Falling somewhere between high-art trash, an experimental movie musical and a potent political manifesto, Will-o’-the-Wisp is unlike anything I’ve seen before. Portuguese auteur João Pedro Rodrigues (The Ornithologist) stages a audacious study of class, race, colonialism and queerness through a time-hopping musical odyssey. At a mere 67 minutes, Will-o-the-Wisp is highbrow cinephilia that engages the heart, mind and body in an intoxicatingly peculiar experience. Anyone in search of something strange and new must see this provocative enigma.
The film starts in the year 2069—numbers that foreshadow much of the action to come—as King Alfredo looks back on his life from his deathbed. Rodrigues flashes back to the days when Alfredo was a youthful and sprightly prince (played by Mauro Costa). A striking tableau shot observes as the royal family sups in the opulence of their ornate dining room. Chandeliers hang elegantly in the richly detailed frame, while every golden element in the room courtesy of production designer João Rui Guerra glistens with the colonial blood that was spilled in service of the family’s excess wealth. To accentuate the colonial resonance for anyone not getting the picture, some antiquity equivalent of Sambo statues pepper the room.
The family sombrely dines while the television brings news of violence and tragedy in the background. The royals remain stoic and barely register these reports from outside the palace walls, instead diverting their attention to the dogs munching away on meals fit for a king. This preamble—the title card doesn’t appear for at least 10 minutes—situates Alfredo within a family that’s never had to care about anything beyond satisfying the body’s desires.
The Baroque family dinner yields to the freeing openness of the woods as Alfredo encounters life, love and lust throughout a droll musical number. The sequence is a jolt of fairy-tale reverie as figures traipse through the forest, singing off-key verses while caressing the bountiful wood before their feet.
Rodrigues embraces the phallic nature of the woodland as Alfredo observes the scorched earth marked by wildfires. He summons his royal duty and becomes a firefighter. As the story cuts to the firehouse, Alfredo blushes in the presence of his smoking-hot instructor Afonso (an excellent André Cabral). The fire station provides a hub of unexpected homoeroticism—or, perhaps, convenient homoeroticism with all those shiny poles. However, Will-o’-the-Wisp is a Rodrigues film, and these aren’t any ordinary firefighters. They’re buff art aficionados who roam around the locker room as if it’s a bathhouse. They initiate Alfredo by modelling classic portraits for their next calendar, all of which are well endowed by firehoses.
Rodrigues is in his element in the fire-hall act of Will-o’-the-Wisp as he offers the most stylized and erotic piece of the film. As the firefighters pose in jockstraps, Alfredo finds new freedom in the company of men. He follows the lead of Afonso, who is Black, and submits to his superior. The film creates a delicate seduction as Afonso dominates Alfredo while tenderly teaching him the fireman’s duties. (This includes quite possibly the most erotic CPR scene ever put to film.)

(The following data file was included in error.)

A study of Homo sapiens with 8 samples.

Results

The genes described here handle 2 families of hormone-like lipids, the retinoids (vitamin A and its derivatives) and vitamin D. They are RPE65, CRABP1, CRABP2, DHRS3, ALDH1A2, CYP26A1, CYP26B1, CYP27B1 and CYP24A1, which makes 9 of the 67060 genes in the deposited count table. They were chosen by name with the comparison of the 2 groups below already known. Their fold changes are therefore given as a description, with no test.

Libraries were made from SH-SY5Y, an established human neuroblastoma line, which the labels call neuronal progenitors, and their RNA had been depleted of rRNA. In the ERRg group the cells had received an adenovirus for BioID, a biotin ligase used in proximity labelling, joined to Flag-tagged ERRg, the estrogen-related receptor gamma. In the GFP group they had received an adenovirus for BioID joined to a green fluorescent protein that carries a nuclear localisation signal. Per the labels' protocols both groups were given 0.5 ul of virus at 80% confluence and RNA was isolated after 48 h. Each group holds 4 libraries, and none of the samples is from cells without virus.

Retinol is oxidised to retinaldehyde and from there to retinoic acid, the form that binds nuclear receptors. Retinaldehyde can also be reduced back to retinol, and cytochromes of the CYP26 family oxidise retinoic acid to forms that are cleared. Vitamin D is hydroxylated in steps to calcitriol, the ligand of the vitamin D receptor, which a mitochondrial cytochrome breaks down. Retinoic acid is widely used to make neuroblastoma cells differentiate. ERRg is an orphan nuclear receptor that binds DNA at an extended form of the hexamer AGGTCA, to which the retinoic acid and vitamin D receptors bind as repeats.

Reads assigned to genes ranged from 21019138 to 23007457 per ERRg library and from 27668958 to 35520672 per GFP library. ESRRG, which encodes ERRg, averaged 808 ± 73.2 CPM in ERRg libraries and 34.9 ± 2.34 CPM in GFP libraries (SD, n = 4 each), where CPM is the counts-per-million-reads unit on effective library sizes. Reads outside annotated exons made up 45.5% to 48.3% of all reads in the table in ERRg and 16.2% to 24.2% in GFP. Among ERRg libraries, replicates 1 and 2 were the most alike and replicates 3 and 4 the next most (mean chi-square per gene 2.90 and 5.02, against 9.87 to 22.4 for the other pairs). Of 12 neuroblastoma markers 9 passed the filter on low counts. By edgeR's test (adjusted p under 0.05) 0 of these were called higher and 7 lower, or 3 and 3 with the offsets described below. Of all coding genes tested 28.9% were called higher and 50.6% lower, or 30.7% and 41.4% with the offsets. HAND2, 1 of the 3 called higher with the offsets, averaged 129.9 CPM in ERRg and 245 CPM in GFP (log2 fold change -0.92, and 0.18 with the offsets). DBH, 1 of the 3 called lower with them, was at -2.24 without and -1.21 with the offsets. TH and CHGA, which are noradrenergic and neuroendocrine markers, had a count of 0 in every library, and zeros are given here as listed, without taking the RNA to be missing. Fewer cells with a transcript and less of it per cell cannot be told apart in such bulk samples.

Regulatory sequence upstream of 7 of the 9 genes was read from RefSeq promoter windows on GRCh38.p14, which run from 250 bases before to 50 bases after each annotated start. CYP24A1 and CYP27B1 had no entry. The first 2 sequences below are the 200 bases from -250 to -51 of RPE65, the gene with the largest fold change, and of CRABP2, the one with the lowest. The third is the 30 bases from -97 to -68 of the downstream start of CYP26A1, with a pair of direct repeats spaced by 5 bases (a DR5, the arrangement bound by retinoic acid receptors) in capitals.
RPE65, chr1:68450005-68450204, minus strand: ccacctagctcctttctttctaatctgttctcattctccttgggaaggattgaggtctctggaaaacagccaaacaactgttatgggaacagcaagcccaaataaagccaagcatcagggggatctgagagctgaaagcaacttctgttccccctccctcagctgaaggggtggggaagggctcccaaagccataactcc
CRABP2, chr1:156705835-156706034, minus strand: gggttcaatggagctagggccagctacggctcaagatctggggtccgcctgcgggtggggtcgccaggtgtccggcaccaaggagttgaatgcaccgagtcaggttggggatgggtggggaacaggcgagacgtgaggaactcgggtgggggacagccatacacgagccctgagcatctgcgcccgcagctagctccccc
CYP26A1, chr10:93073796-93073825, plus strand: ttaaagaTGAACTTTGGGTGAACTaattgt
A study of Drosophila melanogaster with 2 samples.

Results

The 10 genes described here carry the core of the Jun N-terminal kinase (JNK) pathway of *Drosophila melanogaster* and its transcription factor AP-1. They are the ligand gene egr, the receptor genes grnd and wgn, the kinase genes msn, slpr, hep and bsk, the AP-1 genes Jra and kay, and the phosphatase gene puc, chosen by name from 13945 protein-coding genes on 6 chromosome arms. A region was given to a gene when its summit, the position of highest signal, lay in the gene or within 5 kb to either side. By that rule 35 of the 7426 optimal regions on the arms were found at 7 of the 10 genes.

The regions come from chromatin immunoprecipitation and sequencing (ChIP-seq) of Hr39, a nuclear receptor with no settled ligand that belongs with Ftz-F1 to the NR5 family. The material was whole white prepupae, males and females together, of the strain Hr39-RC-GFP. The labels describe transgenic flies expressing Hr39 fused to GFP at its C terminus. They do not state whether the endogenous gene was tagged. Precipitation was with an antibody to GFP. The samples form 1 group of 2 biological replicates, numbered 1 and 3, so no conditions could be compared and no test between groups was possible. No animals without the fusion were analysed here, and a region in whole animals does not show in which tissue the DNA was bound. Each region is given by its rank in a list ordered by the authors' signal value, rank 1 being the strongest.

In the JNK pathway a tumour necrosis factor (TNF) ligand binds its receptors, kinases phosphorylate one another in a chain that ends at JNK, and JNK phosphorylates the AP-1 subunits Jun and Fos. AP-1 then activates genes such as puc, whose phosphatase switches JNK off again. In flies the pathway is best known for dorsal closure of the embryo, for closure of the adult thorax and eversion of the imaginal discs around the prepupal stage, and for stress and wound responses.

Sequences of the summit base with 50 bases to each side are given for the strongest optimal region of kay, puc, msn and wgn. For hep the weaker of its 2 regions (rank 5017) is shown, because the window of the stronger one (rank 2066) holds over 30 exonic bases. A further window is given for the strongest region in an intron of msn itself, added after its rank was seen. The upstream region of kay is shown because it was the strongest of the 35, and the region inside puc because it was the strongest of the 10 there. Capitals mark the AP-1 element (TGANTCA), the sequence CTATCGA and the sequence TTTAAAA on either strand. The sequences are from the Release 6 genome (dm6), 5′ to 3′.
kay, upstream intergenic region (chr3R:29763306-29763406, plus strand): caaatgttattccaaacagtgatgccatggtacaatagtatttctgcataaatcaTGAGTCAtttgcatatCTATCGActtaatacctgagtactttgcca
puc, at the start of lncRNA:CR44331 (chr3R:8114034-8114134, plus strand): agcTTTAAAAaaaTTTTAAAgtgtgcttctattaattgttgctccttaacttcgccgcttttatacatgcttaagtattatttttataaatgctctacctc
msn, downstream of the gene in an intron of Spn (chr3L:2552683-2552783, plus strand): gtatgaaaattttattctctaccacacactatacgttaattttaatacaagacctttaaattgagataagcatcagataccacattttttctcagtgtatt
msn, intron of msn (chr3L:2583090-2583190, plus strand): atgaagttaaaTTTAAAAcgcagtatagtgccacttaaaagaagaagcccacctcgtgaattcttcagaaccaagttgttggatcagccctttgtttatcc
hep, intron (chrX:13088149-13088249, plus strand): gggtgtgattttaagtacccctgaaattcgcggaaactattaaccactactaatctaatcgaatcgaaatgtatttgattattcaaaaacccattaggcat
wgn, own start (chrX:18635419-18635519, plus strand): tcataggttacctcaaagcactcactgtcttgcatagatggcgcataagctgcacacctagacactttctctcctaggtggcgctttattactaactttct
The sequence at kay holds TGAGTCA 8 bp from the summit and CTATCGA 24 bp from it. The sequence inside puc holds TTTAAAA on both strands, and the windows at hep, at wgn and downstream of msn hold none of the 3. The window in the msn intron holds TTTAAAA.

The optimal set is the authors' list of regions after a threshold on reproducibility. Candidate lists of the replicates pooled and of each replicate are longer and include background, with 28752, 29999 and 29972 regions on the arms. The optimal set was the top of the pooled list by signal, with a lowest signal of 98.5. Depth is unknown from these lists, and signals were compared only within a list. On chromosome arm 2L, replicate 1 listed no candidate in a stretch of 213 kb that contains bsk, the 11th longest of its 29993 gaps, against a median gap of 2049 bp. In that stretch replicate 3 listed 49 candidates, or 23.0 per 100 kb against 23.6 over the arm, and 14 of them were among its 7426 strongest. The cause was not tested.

There’s also an intentional element of exoticism to their physical encounters, from which Will-o’-the-Wisp doesn’t shy away. In the film’s most explicit set piece, the firefighters drop trou during an excursion. They perform mutual handjobs and talk dirty by whispering racial slurs as tender epithets. Through acts and words—and, yes, a little cum—Will-o’-the-Wisp provocatively illustrates how dynamics of class, race and privilege permeate even marginalized communities. Rodrigues asks if Alfredo’s submissiveness to Afonso is more fetish than freedom, as if the fireman is merely another Sambo statue with which the prince can slake his lust.
Will-o’-the-Wisp explores Alfredo’s political and sexual awakening further through a hodgepodge of vignettes. Family dinner returns, but the second course is served proudly from the left as Alfredo enacts a kind of verbatim theatre by reciting youth activist Greta Thunberg’s “How dare you!” address to the United Nations. As Will-o’-the-Wisp careens from one vignette to another, it creates entirely new tones, tempos and atmospheres thanks to the cinematography by Rui Poças. The result is, admittedly, disjointed, but Rodrigues doesn’t seem to aim for a united front. Instead, this highly stylized affair harnesses elements of both the movie musical and political thriller to evoke elements of performativity and passing. Alfredo can easily move from one realm and one genre to the other. Afonso, meanwhile, finds himself relegated to moments of the young prince’s desire.
The film marks a striking turn of form for Rodrigues following the kinky naturalism of The Ornithologist, which depicted an ill-fated canoe ride shot entirely on location in the woods. (Complete with sex, murder and urination.) Will-o’-the-Wisp is even more of an acquired taste than the dark debauchery of The Ornithologist, but it is further proof that Rodrigues is among the more formally ambitious stylists in global queer cinema. He’s also one of the more playful ones. Will-o’-the-Wisp evokes elements of the impending end of days with its burned forests and unheard manifestos. If the world is indeed on fire, it suggests that all we can do is go out dancing.